For those who have never been to Lexington, Kentucky, it might be hard to understand why so much is being made of the Breeders' Cup World Championships coming to its iconic racecourse, Keeneland, for the first time in its history.

The short answer is that while the track in the heart of horse country is smaller than most previous hosts for the two-day racing extravaganza, what it lacks in size it makes up for in sheer passion. In fact, the entire city has been invested in making this a Breeders' Cup to remember.

Kentucky prides itself on its basketball, bourbon and horses. The vast majority of runners entered in the Breeders' Cup were born and raised within a 50 mile radius of Keeneland, and as the property is also home to some of the top horse sales in the world, many of them were sold there in their younger days as well. Louisville is home to America's most famous horse race, the Kentucky Derby, but it is Lexington that is the cradle of the industry.

People flying into the Lexington's small airport, which is located just across the street from the racetrack, are being greeted with free bourbon balls, a favorite local chocolate treat. Hotels have been booked for months, dinner reservations are a must, and there has been some Breeders' Cup event going on somewhere in the city since the week started. It is borderline impossible to be in town and not know that the Breeders' Cup is about to take place.

Of course with a smaller venue comes the added stress of logistical things like parking and feeding the masses, and there are sure to be things that don't go as smoothly as they might at a larger track, but every effort is being made to make this a success.

Even a heavy bout of rain couldn't keep people away from gathering before sunrise to watch the Breeders' Cup contenders be put through their paces earlier in the week. On Thursday morning, with the sun finally returning to the bluegrass, fans lined up at the training track just to catch a glimpse of Triple Crown hero American Pharoah. Some parents even kept their children out of school so they could say they got to see him with their own eyes.

It would be easy to chalk up the excitement around the Breeders' Cup to American Pharoah's presence, and it certainly is adding to it, but the truth is most tickets were sold out months before his historic triumph in the Belmont.

Lexington is a place that loves it horses, and Keeneland is a track that people love. The most common complaint about it is that too many people go, especially younger ones just looking to have a good time. Take that already established enthusiasm and add to it the sheer quantity of top horses the Breeders' Cup draws, and it begins to make a little more sense.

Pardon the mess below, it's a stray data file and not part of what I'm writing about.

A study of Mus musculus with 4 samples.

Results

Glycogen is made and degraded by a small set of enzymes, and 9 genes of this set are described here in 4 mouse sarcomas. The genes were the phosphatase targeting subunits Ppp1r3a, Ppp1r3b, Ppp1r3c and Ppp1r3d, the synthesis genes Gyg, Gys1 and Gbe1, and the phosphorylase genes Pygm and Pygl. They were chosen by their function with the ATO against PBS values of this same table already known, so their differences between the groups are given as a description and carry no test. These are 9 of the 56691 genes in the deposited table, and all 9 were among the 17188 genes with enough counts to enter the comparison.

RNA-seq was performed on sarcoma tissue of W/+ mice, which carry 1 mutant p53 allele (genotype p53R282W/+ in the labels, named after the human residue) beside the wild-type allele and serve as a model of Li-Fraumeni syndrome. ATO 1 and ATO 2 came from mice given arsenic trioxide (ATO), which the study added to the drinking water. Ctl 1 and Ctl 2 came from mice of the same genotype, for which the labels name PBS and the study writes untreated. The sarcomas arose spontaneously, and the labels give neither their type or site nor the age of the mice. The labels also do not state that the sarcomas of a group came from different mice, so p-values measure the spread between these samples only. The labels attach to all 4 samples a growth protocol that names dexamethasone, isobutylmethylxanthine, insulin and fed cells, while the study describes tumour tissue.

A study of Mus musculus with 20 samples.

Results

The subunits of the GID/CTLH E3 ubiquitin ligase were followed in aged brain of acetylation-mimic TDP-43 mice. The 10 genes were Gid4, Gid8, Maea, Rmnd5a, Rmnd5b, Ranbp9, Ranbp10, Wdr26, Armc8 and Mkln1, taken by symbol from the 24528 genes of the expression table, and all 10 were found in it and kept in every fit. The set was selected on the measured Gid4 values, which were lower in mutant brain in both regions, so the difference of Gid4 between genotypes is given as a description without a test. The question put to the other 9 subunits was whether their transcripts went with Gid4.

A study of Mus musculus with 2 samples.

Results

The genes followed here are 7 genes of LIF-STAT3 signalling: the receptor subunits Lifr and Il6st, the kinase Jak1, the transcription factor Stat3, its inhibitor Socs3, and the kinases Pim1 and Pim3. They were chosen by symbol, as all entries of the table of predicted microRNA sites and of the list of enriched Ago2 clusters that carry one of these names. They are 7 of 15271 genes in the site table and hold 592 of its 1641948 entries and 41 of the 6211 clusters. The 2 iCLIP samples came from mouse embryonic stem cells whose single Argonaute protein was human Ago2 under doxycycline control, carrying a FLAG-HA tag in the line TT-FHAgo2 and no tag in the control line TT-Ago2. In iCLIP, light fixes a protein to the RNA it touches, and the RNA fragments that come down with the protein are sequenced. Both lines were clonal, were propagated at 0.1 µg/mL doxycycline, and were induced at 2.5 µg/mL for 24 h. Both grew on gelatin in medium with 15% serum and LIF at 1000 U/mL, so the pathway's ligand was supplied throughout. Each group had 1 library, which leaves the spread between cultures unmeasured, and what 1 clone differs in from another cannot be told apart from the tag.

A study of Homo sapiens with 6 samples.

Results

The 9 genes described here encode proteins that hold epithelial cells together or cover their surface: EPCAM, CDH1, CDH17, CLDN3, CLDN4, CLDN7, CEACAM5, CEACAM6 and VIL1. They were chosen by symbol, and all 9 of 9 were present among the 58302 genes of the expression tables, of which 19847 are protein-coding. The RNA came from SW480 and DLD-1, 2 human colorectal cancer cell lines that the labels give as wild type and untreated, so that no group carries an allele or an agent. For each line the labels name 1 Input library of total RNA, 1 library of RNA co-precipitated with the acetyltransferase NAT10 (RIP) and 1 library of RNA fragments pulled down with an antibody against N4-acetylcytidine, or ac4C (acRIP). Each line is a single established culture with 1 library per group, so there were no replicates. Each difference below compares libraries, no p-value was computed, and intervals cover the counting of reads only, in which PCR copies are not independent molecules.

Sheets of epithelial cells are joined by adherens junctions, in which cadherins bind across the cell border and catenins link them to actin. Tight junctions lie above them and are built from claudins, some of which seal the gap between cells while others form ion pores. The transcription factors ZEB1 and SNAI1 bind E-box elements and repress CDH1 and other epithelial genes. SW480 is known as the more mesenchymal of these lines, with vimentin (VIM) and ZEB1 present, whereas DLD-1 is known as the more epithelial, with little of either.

"Throughout its storied history, Keeneland has developed an extraordinary reputation for delivering a first-class racing and hospitality product," said Breeders' Cup Chairman Bill Farish when it was announced the track would host the 2015 event. "We are excited to bring the Breeders' Cup home to Lexington and are energized by the support from the local community and the breeders of Central Kentucky who have been such a vital part of our program since its inception."

The strength of the Breeders' Cup varies from year to year, and the racing gods have smiled favorably upon Lexington. American Pharoah will be making the final start of his career, as will Europe's best colt, Golden Horn, who races in the Turf. The Classic lost a bit of its luster when it was announced champion mare Beholder would be scratched, but there are still plenty of incredible racehorses set to compete over the course of the two days of racing.

The Breeders' Cup was the brainchild of the late John Gaines, who was the original owner of Gainesway Farm in Lexington, and 31 years after his concept first became a reality, it is finally coming home to racing's heartland.

It's up to Keeneland to make the most of the opportunity, but if ever a track deserved the chance, it is this one.